Boarding Rides & Getting Help at Disney (Mobility Problems, Wheelchairs, ECVs)

What Kind of help can you expect when you board a ride at Disney World?

If you need help while boarding ride cars, keep in mind that the cast members are limited. If you need more support than they can give you, you’ll need to bring someone with you who can assist you. The following is what Cast Members can and cannot do.

Throughout Disney World and at the rides and attractions, cast members can do the following:

  • Offer you an arm to help you steady yourself.
  • Hold the chair in position so that it doesn’t move while a guest is getting in or out.
  • Move your wheelchair or ECV after you’ve transferred to a ride seat to park it.
  • Bring it to you after the ride is over.

Here’s what cast members can’t do:

  • They’re not allowed to put their hands on a guest in any way (even if a guest requests it).
  • They’re not allowed to physically lift guests as they transfer in or out of a wheelchair, ECV or an attraction seat.
  • They can’t push you in your chair through the queue or into a show.
  • They can’t push your chair onto a ride car (except sometimes they do! See below).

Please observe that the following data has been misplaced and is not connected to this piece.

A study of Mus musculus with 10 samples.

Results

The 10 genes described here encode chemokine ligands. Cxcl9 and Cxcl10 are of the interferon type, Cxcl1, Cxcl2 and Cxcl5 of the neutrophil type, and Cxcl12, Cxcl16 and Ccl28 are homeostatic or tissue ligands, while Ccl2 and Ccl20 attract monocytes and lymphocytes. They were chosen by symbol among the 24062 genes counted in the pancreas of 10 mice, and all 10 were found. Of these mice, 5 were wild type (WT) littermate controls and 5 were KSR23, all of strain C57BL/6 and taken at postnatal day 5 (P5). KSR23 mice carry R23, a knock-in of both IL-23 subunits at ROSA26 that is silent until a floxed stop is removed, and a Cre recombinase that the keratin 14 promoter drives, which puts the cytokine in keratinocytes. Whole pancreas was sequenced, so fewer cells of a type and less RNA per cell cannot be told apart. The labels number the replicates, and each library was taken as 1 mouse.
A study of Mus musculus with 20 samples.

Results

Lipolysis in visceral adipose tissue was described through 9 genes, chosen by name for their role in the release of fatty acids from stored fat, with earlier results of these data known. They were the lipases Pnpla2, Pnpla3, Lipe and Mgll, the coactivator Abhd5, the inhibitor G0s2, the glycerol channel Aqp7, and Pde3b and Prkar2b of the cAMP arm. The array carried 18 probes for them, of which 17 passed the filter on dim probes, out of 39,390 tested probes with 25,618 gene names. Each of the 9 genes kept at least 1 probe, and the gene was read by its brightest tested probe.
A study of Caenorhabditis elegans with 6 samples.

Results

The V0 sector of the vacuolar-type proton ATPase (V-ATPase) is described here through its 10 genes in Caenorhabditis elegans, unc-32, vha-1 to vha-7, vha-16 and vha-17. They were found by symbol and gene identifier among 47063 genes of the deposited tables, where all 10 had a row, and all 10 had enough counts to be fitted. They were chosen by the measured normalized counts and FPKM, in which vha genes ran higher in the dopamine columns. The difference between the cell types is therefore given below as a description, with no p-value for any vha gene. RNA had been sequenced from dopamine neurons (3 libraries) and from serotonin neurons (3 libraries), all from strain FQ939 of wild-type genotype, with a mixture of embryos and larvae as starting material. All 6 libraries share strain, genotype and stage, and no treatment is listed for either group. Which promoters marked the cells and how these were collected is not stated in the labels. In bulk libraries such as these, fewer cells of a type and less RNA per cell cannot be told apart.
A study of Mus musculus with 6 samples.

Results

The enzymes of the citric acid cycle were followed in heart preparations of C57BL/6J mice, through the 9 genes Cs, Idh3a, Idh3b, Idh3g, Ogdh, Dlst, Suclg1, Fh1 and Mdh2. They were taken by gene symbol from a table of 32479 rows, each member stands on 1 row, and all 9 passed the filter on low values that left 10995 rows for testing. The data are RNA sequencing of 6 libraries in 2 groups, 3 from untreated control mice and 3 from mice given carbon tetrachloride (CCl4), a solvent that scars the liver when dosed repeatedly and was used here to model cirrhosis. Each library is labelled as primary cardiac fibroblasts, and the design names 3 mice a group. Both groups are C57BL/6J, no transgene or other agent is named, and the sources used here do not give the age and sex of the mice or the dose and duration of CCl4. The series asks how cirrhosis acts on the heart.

• According to the Cast Member Guide For Guests With Disabilities, cast members are not supposed to push wheelchairs onto rides.

BUT… on some rides, a Cast Member will have to push you in your wheelchair onto the ride car.

In general it’s true that they won’t push you in your wheelchair. However for some accessible ride cars, the companion needs to get into the ride car first, followed by the wheelchair guest. This changes things. Sometimes the wheelchair blocks access to the companion seat, so there’s no way that the companion can push the wheelchair in and then get in. In these cases the companion gets in first, and then a cast member must load in the wheelchair. A few examples of this type of ride car include Toy Story Midway Mania, The Great Movie Ride, and The Seas with Nemo at Epcot.

So what really happen? For each attraction the cast member will tell you what to do and whether you should get in first or push the wheelchair in first.

Depending upon the attraction, other types of accessible ride cars may require some cast member assistance. For example, for the trams like those in the Kilimanjaro Safari at Animal Kingdom, there’s a ramp built into the loading area. Guests are usually directed to push the wheelchair up the ramp and onto the tram. Then the cast member takes over to position and secure the wheelchair. On some rides like the accessible ride car for Aladdin at Magic Kingdom, the companion sits in front of the guest in the wheelchair. With most of those types of ride cars, the cast member directs the guests to push the wheelchair in and then the cast member takes over.